When Doug Williams praised the role of historically black colleges in nurturing his development ("I am a product of all black universities and colleges"), it warmed the hearts of tens of thousands of alumni of black colleges in the Washington area.

But the sad fact is that some black colleges similar to the one at which he was trained -- Grambling -- are in trouble, and black men like him are becoming a rare species on many campuses. This was not lost on knowledgeable educational observers.

"In every area -- undergraduate, graduate and professional," reports Reginald Wilson, director of the American Council on Education's Office of Minority Concerns, "the number of black males is declining at an alarming rate."

While the so-called "story of the disappearing black male" on campuses has been written about a lot in recent months -- including that increasing numbers of blacks are graduating from high school but decreasing numbers are going to college -- the reasons that it is happening have not been fully explored. Wilson worries that the reasons are too frequently traced to environmental and economic factors.

"We know social issues such as crime and drugs are factors, but I don't think we have the evidence to address that with certainty. On the other hand, we have numbers to show young blacks are choosing to enlist in the military and go to vocational and trade schools," and both these options carry little-known dangers, according to Wilson.

Pointing out that although blacks are 13 percent of the population, Wilson said they make up 27.5 percent of the Army, 15.2 percent of the Navy, 18.3 percent of the Marines and 14.7 percent of the Air Force. Wilson expressed doubt that many of these people are learning skills that will be transferable to the high-tech world of work outside.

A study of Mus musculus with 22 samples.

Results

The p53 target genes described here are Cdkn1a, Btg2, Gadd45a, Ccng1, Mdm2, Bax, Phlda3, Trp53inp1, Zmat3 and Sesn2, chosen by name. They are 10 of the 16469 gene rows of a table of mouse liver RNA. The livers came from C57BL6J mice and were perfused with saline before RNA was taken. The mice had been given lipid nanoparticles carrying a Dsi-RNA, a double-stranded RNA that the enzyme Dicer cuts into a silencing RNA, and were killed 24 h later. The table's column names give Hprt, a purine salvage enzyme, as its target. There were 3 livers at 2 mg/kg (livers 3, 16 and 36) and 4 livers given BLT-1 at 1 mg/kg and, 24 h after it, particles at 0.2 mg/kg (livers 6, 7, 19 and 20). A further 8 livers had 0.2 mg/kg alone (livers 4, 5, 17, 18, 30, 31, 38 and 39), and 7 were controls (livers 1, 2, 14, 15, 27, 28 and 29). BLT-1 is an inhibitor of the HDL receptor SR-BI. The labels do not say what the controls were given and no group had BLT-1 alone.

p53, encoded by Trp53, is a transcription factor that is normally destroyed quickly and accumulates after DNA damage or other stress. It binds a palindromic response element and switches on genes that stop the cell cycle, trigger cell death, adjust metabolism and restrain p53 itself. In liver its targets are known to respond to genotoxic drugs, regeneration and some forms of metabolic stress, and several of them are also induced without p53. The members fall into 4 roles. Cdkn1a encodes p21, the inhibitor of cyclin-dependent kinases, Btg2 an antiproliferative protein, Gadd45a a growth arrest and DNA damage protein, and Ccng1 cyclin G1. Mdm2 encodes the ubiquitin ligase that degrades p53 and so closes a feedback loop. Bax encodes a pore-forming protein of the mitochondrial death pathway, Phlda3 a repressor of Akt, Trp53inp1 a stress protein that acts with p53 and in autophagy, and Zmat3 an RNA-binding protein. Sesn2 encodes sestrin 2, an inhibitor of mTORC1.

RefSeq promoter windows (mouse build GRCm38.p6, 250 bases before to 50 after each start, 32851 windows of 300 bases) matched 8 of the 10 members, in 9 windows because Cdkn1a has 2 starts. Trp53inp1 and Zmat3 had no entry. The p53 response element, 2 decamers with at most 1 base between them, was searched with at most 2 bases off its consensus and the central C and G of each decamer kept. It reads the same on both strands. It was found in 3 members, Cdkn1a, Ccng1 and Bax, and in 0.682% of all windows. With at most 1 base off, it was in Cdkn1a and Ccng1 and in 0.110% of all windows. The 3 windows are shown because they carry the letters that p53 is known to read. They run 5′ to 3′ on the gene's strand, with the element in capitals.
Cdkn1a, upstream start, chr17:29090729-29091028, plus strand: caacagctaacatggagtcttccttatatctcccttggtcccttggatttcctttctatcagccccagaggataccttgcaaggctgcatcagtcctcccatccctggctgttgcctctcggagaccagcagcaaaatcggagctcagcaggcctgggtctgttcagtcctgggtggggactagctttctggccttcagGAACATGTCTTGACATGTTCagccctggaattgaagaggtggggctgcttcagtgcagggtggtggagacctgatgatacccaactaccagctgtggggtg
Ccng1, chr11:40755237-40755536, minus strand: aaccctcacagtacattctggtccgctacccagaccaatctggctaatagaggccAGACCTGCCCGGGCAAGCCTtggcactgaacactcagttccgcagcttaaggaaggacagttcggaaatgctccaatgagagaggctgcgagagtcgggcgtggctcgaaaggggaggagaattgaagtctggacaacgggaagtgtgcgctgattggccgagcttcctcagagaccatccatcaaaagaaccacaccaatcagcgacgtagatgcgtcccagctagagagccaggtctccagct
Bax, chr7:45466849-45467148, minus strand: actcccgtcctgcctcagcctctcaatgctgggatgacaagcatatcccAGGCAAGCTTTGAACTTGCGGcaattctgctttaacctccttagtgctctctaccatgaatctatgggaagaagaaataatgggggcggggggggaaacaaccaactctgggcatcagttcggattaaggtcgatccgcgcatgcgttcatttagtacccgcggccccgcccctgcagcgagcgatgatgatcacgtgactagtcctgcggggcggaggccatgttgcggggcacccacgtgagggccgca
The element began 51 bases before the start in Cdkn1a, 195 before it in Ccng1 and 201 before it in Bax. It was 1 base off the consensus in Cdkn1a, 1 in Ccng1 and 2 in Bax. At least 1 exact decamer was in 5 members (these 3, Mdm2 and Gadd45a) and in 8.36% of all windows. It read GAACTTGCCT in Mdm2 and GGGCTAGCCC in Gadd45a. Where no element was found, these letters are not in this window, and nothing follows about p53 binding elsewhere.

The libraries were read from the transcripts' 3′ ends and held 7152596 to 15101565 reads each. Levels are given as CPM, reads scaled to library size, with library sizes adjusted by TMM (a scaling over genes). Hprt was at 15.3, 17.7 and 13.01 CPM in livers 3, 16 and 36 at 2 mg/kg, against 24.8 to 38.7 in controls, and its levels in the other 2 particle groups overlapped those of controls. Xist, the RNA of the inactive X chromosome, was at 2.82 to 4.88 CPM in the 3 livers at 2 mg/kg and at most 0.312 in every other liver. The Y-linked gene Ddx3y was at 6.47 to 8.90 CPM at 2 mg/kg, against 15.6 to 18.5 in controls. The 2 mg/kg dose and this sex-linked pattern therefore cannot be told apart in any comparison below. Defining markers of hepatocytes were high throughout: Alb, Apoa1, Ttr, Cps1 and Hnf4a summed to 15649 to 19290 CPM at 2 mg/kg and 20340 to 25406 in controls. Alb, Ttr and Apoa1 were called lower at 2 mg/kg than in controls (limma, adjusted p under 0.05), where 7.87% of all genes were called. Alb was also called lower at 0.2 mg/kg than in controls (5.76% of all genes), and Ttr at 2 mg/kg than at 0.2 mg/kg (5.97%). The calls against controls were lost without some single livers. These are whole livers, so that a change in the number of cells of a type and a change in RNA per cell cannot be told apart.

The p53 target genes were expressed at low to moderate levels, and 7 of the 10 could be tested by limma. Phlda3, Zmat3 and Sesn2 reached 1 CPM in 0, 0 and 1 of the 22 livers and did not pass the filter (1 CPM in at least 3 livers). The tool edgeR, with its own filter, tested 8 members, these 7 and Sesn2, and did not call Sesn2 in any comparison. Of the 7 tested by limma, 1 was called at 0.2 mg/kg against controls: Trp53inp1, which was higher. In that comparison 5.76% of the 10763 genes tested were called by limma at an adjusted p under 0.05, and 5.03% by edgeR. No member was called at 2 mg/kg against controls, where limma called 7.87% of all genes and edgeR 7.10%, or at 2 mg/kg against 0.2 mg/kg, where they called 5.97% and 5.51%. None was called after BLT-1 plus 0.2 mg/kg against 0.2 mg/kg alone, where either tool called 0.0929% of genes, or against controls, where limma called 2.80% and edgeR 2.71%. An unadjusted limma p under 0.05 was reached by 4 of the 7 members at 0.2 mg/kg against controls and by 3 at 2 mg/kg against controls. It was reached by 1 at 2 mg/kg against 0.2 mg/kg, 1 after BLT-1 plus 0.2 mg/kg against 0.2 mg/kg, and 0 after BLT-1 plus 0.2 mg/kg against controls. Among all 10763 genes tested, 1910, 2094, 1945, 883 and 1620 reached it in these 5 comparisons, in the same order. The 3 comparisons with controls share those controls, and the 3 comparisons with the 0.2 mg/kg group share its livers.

"The majority of the people are there to learn how to fight, and firing a mortar tank or M1 rifle is not a skill that is usable outside military service. There's not a substantial number of minority kids in jobs that will transfer, such as radar operator or military pilot." Wilson, a former military pilot, said there are only about 250 black pilots in the Air Force.

Wilson, who has ruffled some military people's feathers with his views, says the jury is still out on the armed forces' contention that a significant number of servicemen are going to college when they leave military service. "Blacks even tend to reenlist more and make it more of a career than whites because it's a steady job. When a kid comes home and finds 50 percent of his mates unemployed, he hears enough horror stories to make him reenlist.

"When you ask military recruiters how many are leaving and indeed going to college, the mumbling starts," he continued. "I tell them they're sort of spinning fairy tales. No hard documentation exists. They're selling their best-case scenario. But my feeling is if significant numbers of blacks were taking college courses and earning educational benefits they used later to go to college, we wouldn't have this dramatic decline of black college enrollment."

Wilson is equally concerned that some promises young black high school graduates are made by vocational and technical schools often aren't kept. Currently, more student loans are being issued in these schools than in all community colleges across the country, Wilson says.

"According to the latest figures," he says, "approximately 40 percent of students enrolled in {vocational and technical} schools are minorities. They are promised quick employment fixes with short turnaround and that's attractive to a poor family when college costs are rising twice as fast as the cost of living."

For some people, vocational and trade schools may be worthwhile, but there is some evidence that suggests that sometimes the education these young people are paying for is not worth much. So far, not even the government, which is listing these schools as eligible for student loans, has sufficiently studied their graduation rates and levels of training.

Wouldn't it be a shame if promises made to these young people turned out to be a betrayal? One of the premises of the all-volunteer Army was that it would provide the chance for poor and minority people to further their education. It is incumbent upon the Defense Department, and those in the Congress, to see that these promises are realized.

Doug Williams is one example of what can be achieved if one is given the right choices in life. But he is only one example; there are many others throughout the business, professional and academic world who have made a great contribution, more than paying back the small investment put into them. These gains will not last if falling college attendance by black men continues. It will push back professional gains made by an earlier generation and could be a precursor of enormous trouble ahead.